A very rich person should leave his kids enough to do
anything but not enough to do nothing...
Whilst very few people could match Warren Buffett's bank
balance, almost everyone would share his sentiment. We all want to
give our children every advantage possible, whilst at the same time
encouraging them to be independent and resilient adults. Sometimes,
despite parents' best efforts, children and young adults lose
their way. An inheritance can be more a curse than a blessing for
someone who is incapable of managing their own affairs, perhaps
because of addiction, unhealthy relationships or financial
mismanagement. In these instances, a carefully considered estate
plan is essential to protect your assets and to protect the best
interests of your child. Below we look at three strategies you may
wish to consider.
People are generally quite free to impose conditions on gifts in
their will. As long as a condition does not violate public policy
and it is not against the law, it will be upheld. In the past, some
conditional gifts have raised eyebrows. A British mother gifted her
children Ł50,000 on the condition that it was not spent on
slow horses and fast women, and only a very small amount on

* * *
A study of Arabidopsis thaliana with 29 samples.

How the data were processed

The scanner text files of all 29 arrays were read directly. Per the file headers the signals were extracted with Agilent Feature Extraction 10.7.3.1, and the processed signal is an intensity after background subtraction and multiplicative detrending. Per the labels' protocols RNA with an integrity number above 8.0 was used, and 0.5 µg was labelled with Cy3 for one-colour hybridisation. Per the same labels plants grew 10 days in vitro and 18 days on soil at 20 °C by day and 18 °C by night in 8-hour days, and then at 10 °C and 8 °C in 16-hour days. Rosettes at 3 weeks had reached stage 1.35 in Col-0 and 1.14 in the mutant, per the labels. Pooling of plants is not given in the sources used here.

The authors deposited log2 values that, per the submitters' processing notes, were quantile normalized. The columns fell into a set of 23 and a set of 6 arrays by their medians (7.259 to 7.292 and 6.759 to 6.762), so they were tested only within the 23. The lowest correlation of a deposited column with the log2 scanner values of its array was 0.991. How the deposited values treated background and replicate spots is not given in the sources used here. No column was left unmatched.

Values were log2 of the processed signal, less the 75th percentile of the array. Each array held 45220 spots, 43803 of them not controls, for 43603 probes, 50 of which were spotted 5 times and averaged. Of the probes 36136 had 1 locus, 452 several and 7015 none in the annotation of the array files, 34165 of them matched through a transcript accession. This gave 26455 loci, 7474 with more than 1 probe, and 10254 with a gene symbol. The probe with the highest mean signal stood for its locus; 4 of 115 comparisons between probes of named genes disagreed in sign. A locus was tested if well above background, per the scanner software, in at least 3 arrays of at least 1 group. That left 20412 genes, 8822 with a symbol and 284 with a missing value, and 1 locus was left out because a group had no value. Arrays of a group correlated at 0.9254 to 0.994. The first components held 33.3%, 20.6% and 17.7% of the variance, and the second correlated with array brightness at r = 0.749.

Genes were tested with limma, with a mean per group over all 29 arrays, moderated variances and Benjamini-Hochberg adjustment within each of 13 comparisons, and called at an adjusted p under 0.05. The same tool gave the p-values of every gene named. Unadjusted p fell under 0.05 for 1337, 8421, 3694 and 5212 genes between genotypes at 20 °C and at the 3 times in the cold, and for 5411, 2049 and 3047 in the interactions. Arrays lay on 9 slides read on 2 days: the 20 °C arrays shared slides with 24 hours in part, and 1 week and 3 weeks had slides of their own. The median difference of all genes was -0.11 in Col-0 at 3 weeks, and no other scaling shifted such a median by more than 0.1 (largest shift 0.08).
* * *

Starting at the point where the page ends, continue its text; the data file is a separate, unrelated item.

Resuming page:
booze. When used properly, conditions can be a very effective
tool to positively influence behavior. For example, assets may be
validly gifted on the condition they are used for a certain
purpose, such as enrolling in an educational course or repaying a
mortgage. When you cannot be sure your child will use an
inheritance wisely, a condition attaching to their gift can help
guide them in the right direction.
A testamentary trust is a trust created under a will.
Testamentary trusts are a great structure to consider for asset
protection and if you want to minimise the tax burden on your
beneficiaries. They are also useful if you have a wayward or
vulnerable child. Assets under a testamentary trust are held and
managed by a trustee (as appointed by you) for the benefit of your
nominated beneficiaries. By placing someone responsible in charge
of the trust, you can be safe in the knowledge that your child will
not be able to easily misuse their inheritance.
CUT THEM LOOSE!
If all else fails, sometimes tough love is the best solution.
You may choose not to include your children in your will. If you do
so, they will likely be eligible to claim for provision out of your
estate. An effectively drafted will and properly considered estate
plan can reduce the chance of a successful claim against your
estate. The intention of the testator is an important factor the
Court considers in such family provision claims. A statutory
declaration accompanying your will and a clause explaining your
reasons and intentions are useful tools that can be called upon
when defending a claim made against an estate. In the long run, you
may feel this is the fairest and safest decision you can make on
behalf of your child.
WE CAN HELP
We are not always going to be around to look out for our
children. However, a well drafted estate plan can go a long way to
continuing the support and care that you have always wanted for
Sect.117 can deal with false statements and knowingly making false allegations of violence could justify a costs order.